As shown on this graph, even though the jobs lost during the Great Recession have not been replaced, the economy has created a significant number of jobs since February 2010:
That said, what jobs make up the American workforce, which occupations get paid the most and least and what sectors are creating the most jobs? The recent Occupational Employment Statistics (OES) from the Bureau of Labor Statistics provides us with insight about America's current employment status. Here are some interesting facts:
The largest occupational groups and their percentage of the workforce are as follows:
Office and administrative support – 16 percent of total employment
Sales and related occupations – 11 percent of total employment
Food preparation and serving – 9 percent of total employment
The highest paying occupational groups and their mean annual salary are as follows:
Management – $110,000
Legal – $99,620
Computer and Mathematical – $82,010
Architecture and Engineering – $80,100
Please note that CEOs that made up 0.2 percent of all American workers and had a mean annual salary of $178,400, lawyers and judges that made up 0.5 percent of all workers had a mean annual salary of $128,070, in both cases, substantially higher than the overall mean for their respective occupational group. As well, petroleum engineers who make up only 0.02 percent of all workers and a very small fraction of architects and engineers had a mean salary of $149,180, well above their peers.
The lowest paying occupational groups and their mean annual salary are as follows:
Food preparation and serving – $21,580
Farming, fishing and forestry – $24,330
Personal Care and Service – $24,710
Building and Grounds Cleaning and Maintenance – $26,010
Healthcare Support – $28,300
Transportation and Material Moving – $33,860
Office and Administrative Support – $34,900
Production – $34,930
Sales – $38,200
All of these occupations have annual mean pay that is well below the nationwide mean of $46,440 annually. In the case of food preparers, fast food cooks fare the worst with an average hourly wage of $8.88 per hour or a mean salary of $18,870 annually. In total, 10.9 million Americans or 8.2 percent of all American workers are making less than an average of $10 per hour working in the food preparation industry. While, on average, sales workers are not doing too badly, retail sales workers who make up 61 percent of all sales workers are having a tougher time, with 8.5 million of them making an average of only $9.58 per hour or $20,450 annually.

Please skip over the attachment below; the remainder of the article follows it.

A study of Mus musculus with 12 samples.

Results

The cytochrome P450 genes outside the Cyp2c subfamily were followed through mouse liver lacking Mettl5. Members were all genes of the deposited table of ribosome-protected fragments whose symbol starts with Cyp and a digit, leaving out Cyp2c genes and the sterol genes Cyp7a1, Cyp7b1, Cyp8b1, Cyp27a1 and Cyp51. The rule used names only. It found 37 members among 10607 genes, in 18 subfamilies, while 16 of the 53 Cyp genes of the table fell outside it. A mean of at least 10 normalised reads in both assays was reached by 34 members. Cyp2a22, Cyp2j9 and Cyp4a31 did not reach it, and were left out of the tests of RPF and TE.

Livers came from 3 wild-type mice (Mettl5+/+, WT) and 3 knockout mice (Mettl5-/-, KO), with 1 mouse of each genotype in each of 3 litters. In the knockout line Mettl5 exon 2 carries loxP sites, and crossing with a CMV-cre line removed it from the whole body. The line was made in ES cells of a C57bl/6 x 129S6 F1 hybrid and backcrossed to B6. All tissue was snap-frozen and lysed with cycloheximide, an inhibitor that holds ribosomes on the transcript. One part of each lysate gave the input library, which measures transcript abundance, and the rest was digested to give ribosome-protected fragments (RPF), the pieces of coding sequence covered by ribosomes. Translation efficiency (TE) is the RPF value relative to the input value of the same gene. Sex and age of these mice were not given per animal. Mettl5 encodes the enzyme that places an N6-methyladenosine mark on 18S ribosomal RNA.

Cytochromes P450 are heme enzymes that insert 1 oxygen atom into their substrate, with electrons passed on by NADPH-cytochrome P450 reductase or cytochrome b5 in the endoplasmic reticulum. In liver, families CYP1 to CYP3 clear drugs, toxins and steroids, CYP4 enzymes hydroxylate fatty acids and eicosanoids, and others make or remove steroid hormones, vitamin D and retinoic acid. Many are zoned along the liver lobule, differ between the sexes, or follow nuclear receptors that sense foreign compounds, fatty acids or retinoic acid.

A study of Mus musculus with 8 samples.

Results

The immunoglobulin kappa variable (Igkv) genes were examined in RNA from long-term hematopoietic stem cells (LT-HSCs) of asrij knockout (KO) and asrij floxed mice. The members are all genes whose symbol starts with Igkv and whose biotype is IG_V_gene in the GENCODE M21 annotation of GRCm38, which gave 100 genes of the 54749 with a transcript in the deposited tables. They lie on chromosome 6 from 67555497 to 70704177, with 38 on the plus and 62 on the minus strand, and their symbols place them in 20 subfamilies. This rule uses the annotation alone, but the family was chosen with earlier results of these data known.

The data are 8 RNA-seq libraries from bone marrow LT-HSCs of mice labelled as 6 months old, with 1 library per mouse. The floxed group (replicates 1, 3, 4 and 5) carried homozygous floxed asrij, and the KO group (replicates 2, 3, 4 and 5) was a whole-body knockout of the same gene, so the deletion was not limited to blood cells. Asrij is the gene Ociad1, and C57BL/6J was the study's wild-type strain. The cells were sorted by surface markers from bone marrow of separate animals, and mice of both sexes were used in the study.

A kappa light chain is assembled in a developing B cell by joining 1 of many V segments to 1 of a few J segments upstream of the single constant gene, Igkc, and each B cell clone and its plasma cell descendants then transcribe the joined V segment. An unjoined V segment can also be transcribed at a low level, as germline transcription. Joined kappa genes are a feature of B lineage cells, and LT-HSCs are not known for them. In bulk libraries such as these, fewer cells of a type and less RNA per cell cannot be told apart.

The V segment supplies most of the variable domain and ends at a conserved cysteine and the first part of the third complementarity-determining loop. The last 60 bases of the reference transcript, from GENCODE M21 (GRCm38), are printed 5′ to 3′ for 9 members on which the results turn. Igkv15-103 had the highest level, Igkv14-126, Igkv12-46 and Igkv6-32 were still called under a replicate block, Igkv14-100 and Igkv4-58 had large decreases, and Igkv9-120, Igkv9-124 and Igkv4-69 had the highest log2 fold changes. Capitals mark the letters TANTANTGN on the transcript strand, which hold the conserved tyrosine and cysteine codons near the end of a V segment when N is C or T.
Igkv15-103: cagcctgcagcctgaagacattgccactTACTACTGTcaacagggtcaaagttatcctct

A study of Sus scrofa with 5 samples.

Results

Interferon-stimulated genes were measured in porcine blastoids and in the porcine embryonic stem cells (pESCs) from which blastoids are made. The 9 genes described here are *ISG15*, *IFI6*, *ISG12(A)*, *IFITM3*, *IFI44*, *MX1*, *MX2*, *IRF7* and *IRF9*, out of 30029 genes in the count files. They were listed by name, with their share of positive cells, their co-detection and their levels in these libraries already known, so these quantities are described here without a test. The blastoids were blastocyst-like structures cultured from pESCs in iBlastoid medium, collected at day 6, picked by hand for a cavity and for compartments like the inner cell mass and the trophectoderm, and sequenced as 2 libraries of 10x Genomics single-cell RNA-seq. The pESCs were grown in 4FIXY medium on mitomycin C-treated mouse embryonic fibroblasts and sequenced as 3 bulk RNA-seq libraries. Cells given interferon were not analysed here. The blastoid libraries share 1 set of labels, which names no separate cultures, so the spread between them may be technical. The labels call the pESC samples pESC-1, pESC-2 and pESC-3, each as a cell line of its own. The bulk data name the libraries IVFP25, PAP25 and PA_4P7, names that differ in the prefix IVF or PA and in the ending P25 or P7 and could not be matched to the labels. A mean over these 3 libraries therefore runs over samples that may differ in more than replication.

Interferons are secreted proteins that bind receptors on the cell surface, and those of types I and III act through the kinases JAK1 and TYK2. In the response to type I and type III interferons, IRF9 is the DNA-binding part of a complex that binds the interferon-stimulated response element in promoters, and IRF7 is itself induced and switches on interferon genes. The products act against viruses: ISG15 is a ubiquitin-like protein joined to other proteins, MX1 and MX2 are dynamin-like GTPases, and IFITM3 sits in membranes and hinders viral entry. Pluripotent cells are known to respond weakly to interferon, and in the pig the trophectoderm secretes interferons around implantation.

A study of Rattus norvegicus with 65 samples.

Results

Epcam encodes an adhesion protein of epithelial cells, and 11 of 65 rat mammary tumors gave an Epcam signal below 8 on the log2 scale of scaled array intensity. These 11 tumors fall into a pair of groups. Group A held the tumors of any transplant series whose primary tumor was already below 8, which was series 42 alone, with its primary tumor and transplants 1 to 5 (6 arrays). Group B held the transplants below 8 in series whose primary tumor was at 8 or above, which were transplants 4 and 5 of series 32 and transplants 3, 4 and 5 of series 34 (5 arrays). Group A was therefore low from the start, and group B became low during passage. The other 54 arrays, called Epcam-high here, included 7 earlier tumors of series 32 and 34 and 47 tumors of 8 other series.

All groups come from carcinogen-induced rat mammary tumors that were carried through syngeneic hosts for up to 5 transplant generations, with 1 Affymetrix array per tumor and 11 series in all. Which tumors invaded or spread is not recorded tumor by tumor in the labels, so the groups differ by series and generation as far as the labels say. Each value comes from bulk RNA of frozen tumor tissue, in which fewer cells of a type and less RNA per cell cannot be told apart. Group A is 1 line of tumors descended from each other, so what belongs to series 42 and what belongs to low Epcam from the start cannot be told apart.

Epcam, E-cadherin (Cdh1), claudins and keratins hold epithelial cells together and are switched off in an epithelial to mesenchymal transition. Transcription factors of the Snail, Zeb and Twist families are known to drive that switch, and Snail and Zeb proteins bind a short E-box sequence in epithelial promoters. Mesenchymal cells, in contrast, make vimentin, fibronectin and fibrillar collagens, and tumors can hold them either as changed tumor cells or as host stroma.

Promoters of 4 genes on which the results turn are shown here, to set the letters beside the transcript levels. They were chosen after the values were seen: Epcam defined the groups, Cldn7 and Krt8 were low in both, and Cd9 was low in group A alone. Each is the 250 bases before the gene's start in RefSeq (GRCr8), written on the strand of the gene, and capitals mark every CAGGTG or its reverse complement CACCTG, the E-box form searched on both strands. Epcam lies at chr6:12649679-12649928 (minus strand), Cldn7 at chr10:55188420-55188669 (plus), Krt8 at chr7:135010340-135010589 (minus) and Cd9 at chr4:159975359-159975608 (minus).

Here are some more facts from the OES:
1.) The ten largest occupations: These occupations include mainly service workers; retail salespeople and cashiers, food preparation and serving including fast food, general office clerks, waiters and waitresses, customer service representatives and registered nurses. All-in-all, 21 percent of total employment in the United States are made up of workers in these fields, few of which pay well and most of which (excluding registered nurses) are highly impacted by the ups and downs of the economic cycle. All one has to do is consider the number of layoffs in the retail sector in recent months to see how unstable employment can be for service workers.
2.) Wages for the ten largest occupations: Annual mean wages range from $18,800 for combined food preparation and serving occupations to $34,000 for secretaries and administrative assistants (excluding legal, medical and executive). This is well below the average United States all-occupations mean of $46,440 annually or $22.33 per hour. The only occupation in the top ten largest occupations that pays more than the mean is for registered nurses who make an annual mean wage of $68,910.
As I mentioned at the beginning of this posting, we all know that the economy is creating jobs. From the BLS, let's look at what types of jobs were created in over the past year according to the February 2014 employment report:
Total non-farm jobs created – 3,587,000
New food services jobs created – 609,000 or 16.98 percent of the total
New retail trade jobs – 569,000 or 15.86 percent of the total
In other words, of the 3.587 million new jobs created by the economy between February 2013 and February 2014, 1.178 million or 32.8 percent of the total were created in jobs that are in the lowest paying sectors of the economy. In addition, 324,000 jobs were in the "Temporary Help Services" classification and 726,000 were in the low-paying "Administrative and Support Services" sector. That makes a total of 2.228 million low-paying jobs created or 62 percent of the total jobs created in the year between February 2013 and February 2014.
While more Americans are back at work since the depths of the Great Recession, more Americans are working at poor paying jobs since the economy seems quite adept at creating subsistence level service jobs. That is, in large part, why the latest recession never ended for millions of Americans who, while they are employed according to the exacting and theoretical standards set by the BLS, are unable to afford to stimulate the economy through consumption of both goods and services.